Myelogram and CT Scan
PLEASE NOTE: Gold Coast Spine does not perform these investigations, we are supplying information for your reference only.
What is a Myelogram?
Myelography is an imaging technique that allows for the examination of the spinal canal and the nerve roots in your spine. A spinal needle is introduced into the spinal canal followed by injection of a contrast material into the space around the spinal cord and nerve roots (subarachnoid space) and then fluroscopy or x-rays are performed. The contrast material helps allow the radiologist to evaluate the integrity of the spinal cord, the nerve root, and the meninges (membranes surrounding the spinal cord and nerve roots). It also allows for assessment of any abnormalities affecting these structures. Myelography is often followed by a CT scan while the contrast is still in the spinal canal.
A myelogram is used to help with diagnosis by providing detailed images of the spine and nerve roots. It can also be used for patients who are not suitable to have an MRI scan due to metal implants or other reasons.
How do I prepare for my Myelogram?
Prior to arriving for your myelogram, you will be asked to complete a series of safety questions to find out if you are able to have a myelogram performed. If you should answer YES to any of these questions, it is important that you notify the radiology company as soon as possible as certain medications may need to be ceased before the procedure or alternate diagnostic tests may need to be considered. These questions may include:
- Do you take any blood thinning medications? e.g. Aspirin, Clopidogrel (Plavix and Iscover), Warfarin or Dipyridamole (Asasantin and Persantin)
- Do you take any medications for:
- Mental health conditions?
- Are you allergic to seafood?
- Are you allergic to Iodine?
- Do you suffer from asthma?
- Are you pregnant, or could you be pregnant?
Prior to your scan, patients are generally advised to increase their fluid intake and ensure adequate hydration. However, in most cases, you will be required to fast (not eat or drink) for 4 hours prior to your appointment.
It is also important that you bring your referral letter or request form and all x-rays, CT scans or ultrasounds taken in the last 2 years that may be relevant to why you are having the scan. The radiologist may like to compare the information or see if your condition has changed since your last scan.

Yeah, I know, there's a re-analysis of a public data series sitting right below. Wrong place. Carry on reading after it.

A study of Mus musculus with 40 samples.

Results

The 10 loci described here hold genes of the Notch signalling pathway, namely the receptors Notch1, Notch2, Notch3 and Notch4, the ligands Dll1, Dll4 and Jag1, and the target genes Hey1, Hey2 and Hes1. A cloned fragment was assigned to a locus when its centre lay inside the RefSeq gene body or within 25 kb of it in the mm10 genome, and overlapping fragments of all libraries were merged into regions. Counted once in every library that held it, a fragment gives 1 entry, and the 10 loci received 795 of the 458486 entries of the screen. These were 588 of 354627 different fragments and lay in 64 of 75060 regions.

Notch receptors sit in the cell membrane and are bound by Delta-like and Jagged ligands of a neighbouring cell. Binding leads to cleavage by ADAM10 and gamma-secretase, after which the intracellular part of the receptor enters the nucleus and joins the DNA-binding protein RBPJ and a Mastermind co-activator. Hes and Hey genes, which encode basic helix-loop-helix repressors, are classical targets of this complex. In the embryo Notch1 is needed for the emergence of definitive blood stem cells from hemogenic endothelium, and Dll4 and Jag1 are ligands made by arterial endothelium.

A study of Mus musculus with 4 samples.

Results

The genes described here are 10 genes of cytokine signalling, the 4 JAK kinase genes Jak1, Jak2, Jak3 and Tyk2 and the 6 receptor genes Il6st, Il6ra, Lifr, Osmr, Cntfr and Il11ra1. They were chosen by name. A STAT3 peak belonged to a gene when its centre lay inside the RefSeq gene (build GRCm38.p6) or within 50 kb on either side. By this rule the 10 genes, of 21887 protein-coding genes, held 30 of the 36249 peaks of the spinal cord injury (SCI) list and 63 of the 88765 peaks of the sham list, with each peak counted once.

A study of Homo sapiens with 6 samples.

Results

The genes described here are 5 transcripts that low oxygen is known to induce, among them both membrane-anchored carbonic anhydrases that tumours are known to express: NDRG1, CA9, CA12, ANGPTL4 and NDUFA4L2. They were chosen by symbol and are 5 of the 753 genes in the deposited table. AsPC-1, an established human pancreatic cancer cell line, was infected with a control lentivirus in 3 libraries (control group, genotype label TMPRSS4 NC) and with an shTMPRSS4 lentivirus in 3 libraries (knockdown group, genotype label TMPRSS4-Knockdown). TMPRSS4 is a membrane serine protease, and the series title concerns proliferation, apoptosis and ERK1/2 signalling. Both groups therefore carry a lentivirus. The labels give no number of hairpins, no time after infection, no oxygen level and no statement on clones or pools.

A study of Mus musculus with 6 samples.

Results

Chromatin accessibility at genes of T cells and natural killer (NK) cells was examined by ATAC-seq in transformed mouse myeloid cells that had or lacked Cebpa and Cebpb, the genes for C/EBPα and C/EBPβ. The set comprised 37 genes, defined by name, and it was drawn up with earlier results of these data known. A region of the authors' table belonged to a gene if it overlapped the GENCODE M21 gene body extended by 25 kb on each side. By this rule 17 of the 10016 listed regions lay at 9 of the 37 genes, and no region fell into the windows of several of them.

How is a myelogram performed?
The myelogram requires that patients lie on their stomach on an x-ray bed. Your back will be thoroughly cleaned and draped with sterile sheets. A local anaesthetic will be injected to numb the area of your back, followed by a fine needle into the fluid filled space surrounding the nerves in your lower back. The location of the needle is confirmed using the x-ray. A small amount of fluid may then be taken as a sample for analysis. Then the x-ray contrast is injected and the table may then be tilted to help the contrast material spread throughout the spinal canal. X-ray pictures are then taken of sections of your spine.
It is important that you try to remain relaxed and still during the procedure. The procedure is generally not painful but some patients may feel an exacerbation of their symptoms.
The myelogram takes between 30 to 60 minutes, including getting you ready on the table. A CT scan after the myelogram will take an extra 30 to 60 minutes.
What can I expect after the Myelogram?
Following the myelogram, patients are generally required to stay for a few hours. Your head is generally raised and you will begin drinking fluids. Be careful when you first stand as a temporary weakness of your legs can occur. It is important not to over exercise or bend for several days following your myelogram. It is also advised not to drive a car for 24 hours after a myelogram.
What are the risks of Myelograms?
Common side effects of this procedure are:
- Headache which is usually mild; however, it may be severe and last several days. This typically occurs after myelography when the patient begins to sit upright or stand. Patients may find that lying down and ensuring adequate hydration often helps relieve this type of headache. If you get a severe headache that lasts for several days please call Gold Coast Spine’s Practice Nurse.
- Bruising at the site of puncture; especially if blood-thinning medications were not ceased.
- Minor pain at the puncture site.
Rare risks/complications of this procedure include local infection, meningitis, nerve damage (usually temporary), seizures, allergic reaction to the contrast material, and damage to surrounding structures.
The use of a CT scan and fluoroscope during the procedure also raises the risk of exposure to a small amount of radiation.
Delivery of Results
Following your myelogram, the images will be reviewed for clarity and accuracy and a specialist radiologist will interpret the images; however, this takes some time. A copy of the images obtained from your myelogram and the radiologist report will be delivered to your surgeon. This delivery generally takes several days.